Three years ago, Silicon Valley developed a fleeting infatuation with a startup called Zee.Aero. The company had set up shop right next to Google's headquarters in Mountain View, Calif., which was curious, because Google tightly controls most of the land in the area. Then a reporter spotted patent filings showing Zee.Aero was working on a small, all-electric plane that could take off and land vertically--a flying car. In the handful of news articles that ensued, all the startup would say was that it wasn't affiliated with Google or any other technology company. Then it stopped answering media inquiries altogether. Employees say they were even given wallet-size cards with instructions on how to deflect questions from reporters. After that, the only information that trickled out came from amateur pilots, who occasionally posted pictures of a strange-looking plane taking off from a nearby airport. Trump Says'No Reason' to Raise 1 Billion for Campaign Turns out, Zee.Aero doesn't belong to Google or its holding company, Alphabet.
Flying taxi start-ups Joby Aviation and Kitty Hawk are being bankrolled by the US military. The rival companies, which are currently leading the race to build the first self-flying taxis to take to the skies, received $2 million (£1.5 million) in funding from the military last year. The funds, which were not disclosed at the time, were provided by the Defense Innovation Unit Experimental (DIUx), a Pentagon-backed organisation founded to help the US military make faster use of emerging technologies. But despite the involvement of the armed forces, there will be'no weapons' added to the autonomous flying vehicles, it has been confirmed. Joby Aviation received $970,000 (£730,890) in funding from the DIUx in January last year, while Kitty Hawk was bankrolled $1 million (£753,495) a few months later, government contracting sites uncovered by The Guardian reveal.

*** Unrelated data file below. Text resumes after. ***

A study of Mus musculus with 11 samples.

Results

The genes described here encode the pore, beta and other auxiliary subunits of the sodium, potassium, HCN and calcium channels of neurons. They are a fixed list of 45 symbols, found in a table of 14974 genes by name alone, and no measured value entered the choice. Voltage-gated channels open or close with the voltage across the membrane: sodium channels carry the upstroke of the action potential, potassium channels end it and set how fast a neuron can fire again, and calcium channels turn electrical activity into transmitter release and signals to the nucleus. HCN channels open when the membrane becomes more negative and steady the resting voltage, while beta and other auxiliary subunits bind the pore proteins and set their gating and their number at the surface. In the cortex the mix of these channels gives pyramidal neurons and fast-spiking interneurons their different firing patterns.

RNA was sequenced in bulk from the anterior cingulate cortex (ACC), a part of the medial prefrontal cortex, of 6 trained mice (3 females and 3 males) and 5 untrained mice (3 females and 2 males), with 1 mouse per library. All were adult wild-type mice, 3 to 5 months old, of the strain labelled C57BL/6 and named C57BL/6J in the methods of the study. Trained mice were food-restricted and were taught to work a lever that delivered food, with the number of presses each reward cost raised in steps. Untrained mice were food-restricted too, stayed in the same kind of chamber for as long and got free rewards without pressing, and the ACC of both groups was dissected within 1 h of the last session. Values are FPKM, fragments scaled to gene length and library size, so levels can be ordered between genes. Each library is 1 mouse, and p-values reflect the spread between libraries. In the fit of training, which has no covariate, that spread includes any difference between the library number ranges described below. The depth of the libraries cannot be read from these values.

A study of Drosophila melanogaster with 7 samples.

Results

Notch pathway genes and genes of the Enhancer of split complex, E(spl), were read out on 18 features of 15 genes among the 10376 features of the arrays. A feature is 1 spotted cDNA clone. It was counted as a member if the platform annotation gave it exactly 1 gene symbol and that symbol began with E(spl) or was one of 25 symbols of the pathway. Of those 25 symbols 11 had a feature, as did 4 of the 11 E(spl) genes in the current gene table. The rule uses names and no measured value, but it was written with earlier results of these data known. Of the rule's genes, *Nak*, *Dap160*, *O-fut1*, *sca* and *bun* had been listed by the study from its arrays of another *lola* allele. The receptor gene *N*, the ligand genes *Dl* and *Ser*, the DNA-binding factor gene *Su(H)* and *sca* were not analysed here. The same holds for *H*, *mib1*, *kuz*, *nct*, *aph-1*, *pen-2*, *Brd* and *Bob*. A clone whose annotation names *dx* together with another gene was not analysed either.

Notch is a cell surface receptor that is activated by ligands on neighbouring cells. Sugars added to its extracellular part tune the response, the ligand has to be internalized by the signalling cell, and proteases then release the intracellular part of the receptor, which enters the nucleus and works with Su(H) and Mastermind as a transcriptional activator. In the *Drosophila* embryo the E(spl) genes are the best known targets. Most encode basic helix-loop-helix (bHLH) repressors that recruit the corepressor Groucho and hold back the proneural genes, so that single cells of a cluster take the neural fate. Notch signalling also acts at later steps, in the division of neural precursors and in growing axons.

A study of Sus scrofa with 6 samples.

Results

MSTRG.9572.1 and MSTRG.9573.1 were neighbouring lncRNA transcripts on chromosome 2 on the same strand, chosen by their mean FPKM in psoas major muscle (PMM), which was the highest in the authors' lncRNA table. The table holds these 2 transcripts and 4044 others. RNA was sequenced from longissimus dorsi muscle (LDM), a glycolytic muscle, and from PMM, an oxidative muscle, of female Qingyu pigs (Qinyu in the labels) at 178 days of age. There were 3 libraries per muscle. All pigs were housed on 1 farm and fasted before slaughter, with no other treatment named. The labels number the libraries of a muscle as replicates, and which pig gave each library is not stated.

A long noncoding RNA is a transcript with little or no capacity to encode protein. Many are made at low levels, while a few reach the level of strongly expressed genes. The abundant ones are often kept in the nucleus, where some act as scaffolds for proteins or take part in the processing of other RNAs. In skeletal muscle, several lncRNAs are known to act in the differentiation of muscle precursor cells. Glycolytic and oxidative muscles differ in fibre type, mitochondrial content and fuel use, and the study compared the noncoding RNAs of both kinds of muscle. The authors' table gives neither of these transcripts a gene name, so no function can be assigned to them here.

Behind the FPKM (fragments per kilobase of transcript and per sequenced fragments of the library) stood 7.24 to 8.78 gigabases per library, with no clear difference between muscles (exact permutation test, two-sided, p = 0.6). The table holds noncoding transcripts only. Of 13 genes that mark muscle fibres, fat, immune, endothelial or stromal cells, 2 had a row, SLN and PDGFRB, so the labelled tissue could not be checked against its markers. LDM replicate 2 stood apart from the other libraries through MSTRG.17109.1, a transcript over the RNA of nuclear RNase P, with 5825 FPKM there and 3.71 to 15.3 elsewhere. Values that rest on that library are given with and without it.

Toyota announced creation of a $100 million venture fund to invest in autonomous driving and robotic technology start-ups as automakers increasingly push into the self-driving market. Toyota AI Ventures, a Silicon Valley-based subsidiary of Toyota, plans to invest the said amount into early-stage startups that are developing "disruptive" technologies in those fields, the company said. Jim Adler, managing director of Toyota AI Ventures, said in a statement, "Auto manufacturers must participate in the startup ecosystem to stay ahead of the rapid shift in the auto industry." The company added that the fund is part of Toyota's mission is a futuristic "discover what's next" phase. Toyota's AI venture fund has already invested in 19 different start-ups over the last two years, bringing its total funding commitment to autonomous driving technology to $200 million, the company further stated.
Everywhere you turn in the transportation industry these days, Toyota Motor Corp. already seems to be there. From batteries and self-driving vehicles to lunar rovers and ride-hailing companies, the world's second-biggest automaker is on an investment spree, pouring more than ¥300 billion into deals and partnerships in recent years. Toyota is placing bets across the board, mimicking technology investors like SoftBank Group Corp. Toyota, Volkswagen and other carmakers face an uncertain future as new technologies and business models ripple through the $2.23 trillion global auto industry. Uber Technologies Inc. has made younger buyers less interested in owning and driving cars, and Tesla Inc.'s success with electric vehicles has spurred bigger rivals to counter with their own products. All told, car sales will be only slightly higher in 2030, while new spending on mobility services will total $1.34 trillion, Accenture predicts.